Going through a divorce is one of the most stressful experiences any of us can face. Even when both parties are in agreement that the marriage is over, issues pertaining to your home or finances can result in serious arguments and delays. Dividing money and property in a divorce is nothing to take lightly, as the impact of any agreement you make has the potential to affect your financial security, both now and in the years to come. Before agreeing to any terms or signing any agreements, it is important to be aware of what is considered as marital property, as well as the factors the court will consider in deciding who gets what.
What Is Marital Property
Regardless of your net worth, it is important to be aware of the type and number of assets you possess, as well as when and how they were accumulated. Marital property refers to those assets which were bought or received during your marriage, as opposed to assets you had before the marriage. Marital property may include any of the following:
- Real estate, such as your home and any other property you own;
- Home furnishings, such as furniture and appliances;
- Jewelry and accessories, including expensive coats, shoes, or other items;
- Collectibles, such as stamp or doll collections;
- Sporting equipment;
- Business assets, owned either whole or jointly;
- Financial accounts, including checking and savings, stocks, and bonds;
- Pension accounts, including IRAs;
- Life insurance plan benefits.
Division of Marital Property Under Colorado Law
Some states are known as ‘community property’ states, meaning that any marital assets are divided evenly between the two parties in the event of a divorce. Colorado is an equitable division state, which means that the court attempts, rather than simply dividing property evenly, to divide it in a more equitable manner, based on each party’s contributions as well as their liability. Under the Colorado Revised Statutes (C.R.S. 14-10-113), pertaining to what was accumulated during the marriage only, the court divides this property based on the following factors:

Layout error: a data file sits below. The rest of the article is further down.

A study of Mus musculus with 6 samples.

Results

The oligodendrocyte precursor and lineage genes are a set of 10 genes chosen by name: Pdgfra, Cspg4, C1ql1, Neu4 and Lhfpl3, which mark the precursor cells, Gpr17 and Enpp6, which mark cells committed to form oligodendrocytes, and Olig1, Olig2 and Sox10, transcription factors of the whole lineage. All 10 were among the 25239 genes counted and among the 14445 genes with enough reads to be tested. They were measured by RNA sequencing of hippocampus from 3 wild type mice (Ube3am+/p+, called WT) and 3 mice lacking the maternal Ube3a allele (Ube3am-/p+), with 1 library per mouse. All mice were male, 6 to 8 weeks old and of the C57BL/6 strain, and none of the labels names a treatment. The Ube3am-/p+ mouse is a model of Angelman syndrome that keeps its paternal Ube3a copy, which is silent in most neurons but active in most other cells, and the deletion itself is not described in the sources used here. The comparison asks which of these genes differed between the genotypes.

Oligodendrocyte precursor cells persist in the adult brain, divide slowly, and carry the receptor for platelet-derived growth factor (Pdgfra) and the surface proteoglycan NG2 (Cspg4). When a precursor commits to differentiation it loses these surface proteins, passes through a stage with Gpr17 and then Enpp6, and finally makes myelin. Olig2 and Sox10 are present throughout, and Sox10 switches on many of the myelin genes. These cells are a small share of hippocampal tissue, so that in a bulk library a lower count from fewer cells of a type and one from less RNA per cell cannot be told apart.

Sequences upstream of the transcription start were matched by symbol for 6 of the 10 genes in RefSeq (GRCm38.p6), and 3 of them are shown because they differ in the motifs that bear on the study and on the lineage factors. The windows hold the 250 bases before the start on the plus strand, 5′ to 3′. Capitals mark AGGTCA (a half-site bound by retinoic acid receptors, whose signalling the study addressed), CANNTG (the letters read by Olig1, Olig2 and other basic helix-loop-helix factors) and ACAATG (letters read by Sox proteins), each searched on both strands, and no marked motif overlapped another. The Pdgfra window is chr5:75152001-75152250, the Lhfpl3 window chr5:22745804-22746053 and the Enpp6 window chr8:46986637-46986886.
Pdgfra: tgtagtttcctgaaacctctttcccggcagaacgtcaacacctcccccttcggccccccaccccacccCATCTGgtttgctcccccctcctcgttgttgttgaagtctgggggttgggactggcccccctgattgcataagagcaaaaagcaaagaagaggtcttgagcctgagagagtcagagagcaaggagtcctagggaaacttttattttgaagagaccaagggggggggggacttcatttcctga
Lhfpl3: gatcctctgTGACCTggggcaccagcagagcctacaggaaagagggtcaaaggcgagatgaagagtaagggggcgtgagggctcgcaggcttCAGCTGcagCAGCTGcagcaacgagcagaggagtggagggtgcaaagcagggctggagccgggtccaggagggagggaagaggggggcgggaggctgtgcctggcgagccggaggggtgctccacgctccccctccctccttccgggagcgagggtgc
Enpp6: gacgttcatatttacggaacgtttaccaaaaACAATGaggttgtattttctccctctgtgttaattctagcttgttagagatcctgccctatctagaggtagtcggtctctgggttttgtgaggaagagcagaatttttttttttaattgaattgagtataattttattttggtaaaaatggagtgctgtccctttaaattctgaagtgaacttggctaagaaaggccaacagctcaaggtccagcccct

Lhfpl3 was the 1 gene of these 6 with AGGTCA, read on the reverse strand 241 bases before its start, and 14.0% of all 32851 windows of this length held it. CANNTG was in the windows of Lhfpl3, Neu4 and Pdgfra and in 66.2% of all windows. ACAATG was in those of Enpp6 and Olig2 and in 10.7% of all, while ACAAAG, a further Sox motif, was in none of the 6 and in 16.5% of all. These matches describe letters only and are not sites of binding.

- The overall value of the property involved;
- The contribution each spouse made in acquiring the property, including the contributions of homemakers in providing support for their partner;
- The economic circumstances of each party at the time the property is divided;
- The standard of living the couple enjoyed during their marriage;
- Any custody arrangements concerning children that are in effect;
- Any debts and liabilities either party has assumed.
Under the law, items excluded from equitable division include any property or assets bought or received prior to the marriage, gifts or inheritances received by one of the spouses individually, and any property excluded by way of a prenuptial or post-marital agreement.
We Can Help You Today
If you or someone you love is going through a divorce or separation, contact our Colorado divorce attorneys today. At Robinson & Henry, P.C., we understand how stressful divorce proceedings can be, and act as a strong legal advocate to ensure your rights and interests are protected. With offices in Denver, Castle Rock, and Colorado Springs, we can help you; call 303-688-0944 to begin your free case assessment.